Learn how to shop and download wisely with these tips on everything from deciding whether an app is right for your kid to determining an app's true cost.

Maybe you're about to wait in a soul-crushing line at the DMV with your 4-year-old. Maybe your kid is begging to use the iPad as if life depended on it. Or maybe there are particular skills and topics you want your kid to explore through a digital device. Whatever your digital dilemma, you want app choices that are safe, engaging, and potentially educational.

With million of apps in the App Store and Google Play Store, it can be tough to choose. Even in the Kids category, there are tons of options, and some are definitely better than others. Just because an app has a cute character and involves the ABCs or 123s doesn't mean it's quality. These tips can lead you to an app that not only will pass the time but also will be time -- and money -- well spent.

Is your kid ready? Keep your kid's age and development in mind. The App Store might say 4+, but those age ratings don't tell the whole story. For example, though the game might be free of violence and other big-kid content, the controls might be too tricky for little hands. Read the description, check out Common Sense's reviews, look at the screenshots, and see if the app fits your kid's abilities and temperament.

What does your kid love? Find a subject or activity your kid likes. From trucks to drawing, bugs to dolls, music to animals, there are apps for every interest. Don't be afraid to stretch your kid, but do make sure there's something familiar that'll hook her imagination.

How do your kids play? The littlest players need more open-ended experiences about exploration and creativity. Some older kids like linear games with clear rules and ways to win while others need an exciting story or puzzle to get them going. No matter the play pattern, an app should offer something offscreen play can't (check out Tinybop apps as a good example), so choose apps that really take advantage of the screen. Then, tie their on-screen experiences to the real world.

What will they learn? Not every game tagged as "educational" in the App Store has solid learning potential. Likewise, kids can learn from plenty of apps in other categories. So, shop around. Both types can get your kid thinking and being creative, depending on the overall quality. However, if you're on the hunt for an app that deals with traditional education topics, first decide which topics or skills your kid is ready for. Then look for education experts on the development team, see if there are clear learning goals, and check to make sure there aren't lots of distractions in the app. Most importantly, use the app with your kid, since research shows that kids learn best when parents are playing along and talking through an app's content. Also, beware big claims about skills and knowledge your kid supposedly will gain; unless there's independent research proving what kids learn from an app, those promises likely are empty.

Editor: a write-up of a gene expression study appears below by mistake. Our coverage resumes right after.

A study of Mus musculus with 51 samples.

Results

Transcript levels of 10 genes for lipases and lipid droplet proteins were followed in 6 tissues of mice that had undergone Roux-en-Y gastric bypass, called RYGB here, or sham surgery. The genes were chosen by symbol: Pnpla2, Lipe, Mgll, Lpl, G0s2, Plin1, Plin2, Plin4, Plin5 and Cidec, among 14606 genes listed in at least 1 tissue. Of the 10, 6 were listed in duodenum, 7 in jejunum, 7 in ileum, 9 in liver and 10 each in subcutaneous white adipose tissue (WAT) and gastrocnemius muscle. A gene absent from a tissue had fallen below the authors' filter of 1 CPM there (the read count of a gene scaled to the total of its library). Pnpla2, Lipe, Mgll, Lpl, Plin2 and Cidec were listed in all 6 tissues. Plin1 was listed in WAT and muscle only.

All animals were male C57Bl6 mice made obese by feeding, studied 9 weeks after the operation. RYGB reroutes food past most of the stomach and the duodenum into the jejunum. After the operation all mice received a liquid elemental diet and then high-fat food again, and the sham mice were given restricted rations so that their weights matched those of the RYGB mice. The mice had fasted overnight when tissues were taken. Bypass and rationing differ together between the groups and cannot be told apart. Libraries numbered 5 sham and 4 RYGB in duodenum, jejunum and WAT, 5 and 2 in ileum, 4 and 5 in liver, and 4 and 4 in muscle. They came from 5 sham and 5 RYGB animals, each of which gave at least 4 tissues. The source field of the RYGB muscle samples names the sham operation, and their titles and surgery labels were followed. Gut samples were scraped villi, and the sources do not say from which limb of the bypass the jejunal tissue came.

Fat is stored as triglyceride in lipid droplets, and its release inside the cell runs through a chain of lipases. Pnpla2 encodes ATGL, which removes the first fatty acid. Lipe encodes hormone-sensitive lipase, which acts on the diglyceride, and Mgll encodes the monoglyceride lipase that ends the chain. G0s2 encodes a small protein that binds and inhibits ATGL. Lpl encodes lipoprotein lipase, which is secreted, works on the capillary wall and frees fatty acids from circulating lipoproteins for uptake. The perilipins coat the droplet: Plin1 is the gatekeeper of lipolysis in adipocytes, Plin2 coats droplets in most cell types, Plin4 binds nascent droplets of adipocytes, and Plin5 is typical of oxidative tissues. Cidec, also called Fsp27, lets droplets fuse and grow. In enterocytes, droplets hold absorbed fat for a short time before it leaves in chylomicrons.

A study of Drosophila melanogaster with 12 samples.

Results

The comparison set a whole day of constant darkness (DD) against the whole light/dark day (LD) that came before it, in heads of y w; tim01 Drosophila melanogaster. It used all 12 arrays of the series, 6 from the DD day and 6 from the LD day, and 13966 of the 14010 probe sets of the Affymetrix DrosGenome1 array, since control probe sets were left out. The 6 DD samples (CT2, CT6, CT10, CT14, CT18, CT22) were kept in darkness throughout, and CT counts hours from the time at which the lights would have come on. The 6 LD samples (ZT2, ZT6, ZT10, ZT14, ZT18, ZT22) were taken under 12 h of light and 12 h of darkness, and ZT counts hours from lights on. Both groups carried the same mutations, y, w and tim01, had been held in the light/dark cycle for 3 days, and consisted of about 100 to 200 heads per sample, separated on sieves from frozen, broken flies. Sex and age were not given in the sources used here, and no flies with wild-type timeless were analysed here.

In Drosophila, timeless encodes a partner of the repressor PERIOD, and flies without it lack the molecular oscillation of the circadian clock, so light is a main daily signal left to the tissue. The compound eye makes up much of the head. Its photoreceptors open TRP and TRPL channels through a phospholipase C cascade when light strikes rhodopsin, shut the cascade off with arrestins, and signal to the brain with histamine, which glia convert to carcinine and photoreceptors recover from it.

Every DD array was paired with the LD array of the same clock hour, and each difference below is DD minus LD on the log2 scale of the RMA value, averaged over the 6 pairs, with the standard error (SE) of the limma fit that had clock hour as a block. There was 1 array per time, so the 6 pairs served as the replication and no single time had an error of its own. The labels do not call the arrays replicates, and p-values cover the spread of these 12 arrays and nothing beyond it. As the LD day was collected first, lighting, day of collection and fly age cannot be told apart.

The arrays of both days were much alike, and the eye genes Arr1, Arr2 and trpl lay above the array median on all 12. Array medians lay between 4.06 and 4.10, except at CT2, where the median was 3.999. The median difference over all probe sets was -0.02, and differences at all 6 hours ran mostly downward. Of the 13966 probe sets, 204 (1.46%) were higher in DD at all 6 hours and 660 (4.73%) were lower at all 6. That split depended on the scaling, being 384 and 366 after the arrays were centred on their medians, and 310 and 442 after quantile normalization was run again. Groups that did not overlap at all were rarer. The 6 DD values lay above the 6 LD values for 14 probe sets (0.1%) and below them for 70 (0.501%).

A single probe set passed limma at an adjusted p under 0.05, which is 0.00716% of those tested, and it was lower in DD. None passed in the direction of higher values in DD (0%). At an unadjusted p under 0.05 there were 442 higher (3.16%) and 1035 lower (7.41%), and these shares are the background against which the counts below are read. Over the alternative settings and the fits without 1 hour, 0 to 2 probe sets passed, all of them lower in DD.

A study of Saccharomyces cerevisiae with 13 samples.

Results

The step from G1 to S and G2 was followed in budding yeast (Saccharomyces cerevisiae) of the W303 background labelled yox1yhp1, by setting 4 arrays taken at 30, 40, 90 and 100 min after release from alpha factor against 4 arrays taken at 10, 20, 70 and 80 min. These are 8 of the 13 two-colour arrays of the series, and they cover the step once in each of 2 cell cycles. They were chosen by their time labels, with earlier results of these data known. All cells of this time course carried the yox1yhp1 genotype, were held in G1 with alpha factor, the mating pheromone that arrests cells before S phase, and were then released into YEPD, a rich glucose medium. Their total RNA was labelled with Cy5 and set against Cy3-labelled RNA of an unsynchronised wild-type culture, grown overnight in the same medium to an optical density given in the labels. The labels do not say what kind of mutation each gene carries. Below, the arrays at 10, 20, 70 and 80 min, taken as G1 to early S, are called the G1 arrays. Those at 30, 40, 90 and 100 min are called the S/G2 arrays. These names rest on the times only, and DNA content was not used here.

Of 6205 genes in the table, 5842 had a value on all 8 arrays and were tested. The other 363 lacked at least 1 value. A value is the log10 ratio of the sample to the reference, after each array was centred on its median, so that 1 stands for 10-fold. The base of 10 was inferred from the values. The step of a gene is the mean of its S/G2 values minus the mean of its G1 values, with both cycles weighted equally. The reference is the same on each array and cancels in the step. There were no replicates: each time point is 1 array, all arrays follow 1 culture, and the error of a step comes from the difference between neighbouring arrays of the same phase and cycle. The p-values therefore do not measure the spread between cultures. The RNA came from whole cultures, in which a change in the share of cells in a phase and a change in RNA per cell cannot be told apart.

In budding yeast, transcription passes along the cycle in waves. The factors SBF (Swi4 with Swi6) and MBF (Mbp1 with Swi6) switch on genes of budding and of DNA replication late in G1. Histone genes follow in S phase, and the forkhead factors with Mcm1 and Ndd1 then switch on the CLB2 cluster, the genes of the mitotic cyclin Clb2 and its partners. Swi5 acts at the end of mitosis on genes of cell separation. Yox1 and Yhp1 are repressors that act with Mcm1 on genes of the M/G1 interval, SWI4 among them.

Is the app safe, and will it collect personal information? Read the privacy policy and check your device's settings. Some kids' apps collect no personal information, have no ads, and have simple privacy policies that don't require a lawyer to understand. Others have banner ads, in-app purchases, and links to social networks. The most important thing is to know what you're getting and adjust the app's and your device's settings to control what you can.

Is it free or freemium? Determine the true cost before buying. Some apps, such as Breathe, Think, Do with Sesame, are completely free; that app has no in-app purchases, ads, or subscription. Other apps are initially free but require payment to unlock more levels. Others nickel-and-dime you from the get-go. Investigate the fee structure before you download. Also, though reputable sources like PBS Kids put out some exceptional free apps, it's often worth the price of a coffee to invest in an app that's kid-appropriate, doesn't have in-app purchases or ads to deal with, and encourages learning.

What do other parents and third-party sites say? Look at ratings and reviews. If an app has reviews, read some to get a flavor for others' experiences. Beware a long list of five-star reviews, however, as some developers have been known to request a five-star review in exchange for a free level or power-up. Use our ratings or the reviews on other reputable sites to see which apps have earned a strong reputation for fun and learning.

Christine Elgersma
Christine Elgersma is the editor for learning app reviews as Senior Editor, Learning Content. Before coming to Common Sense, she helped cultivate and create ELA curriculum for a K-12 app and taught the youth of America as a high school teacher, a community college teacher, a tutor, and a special education instructional aide. Christine is also a writer, primarily of fiction and essays, and loves to read all manner of books. When she's not putting on a spontaneous vaudeville show with her daughter, Christine loves to hike and listen to music, sometimes simultaneously.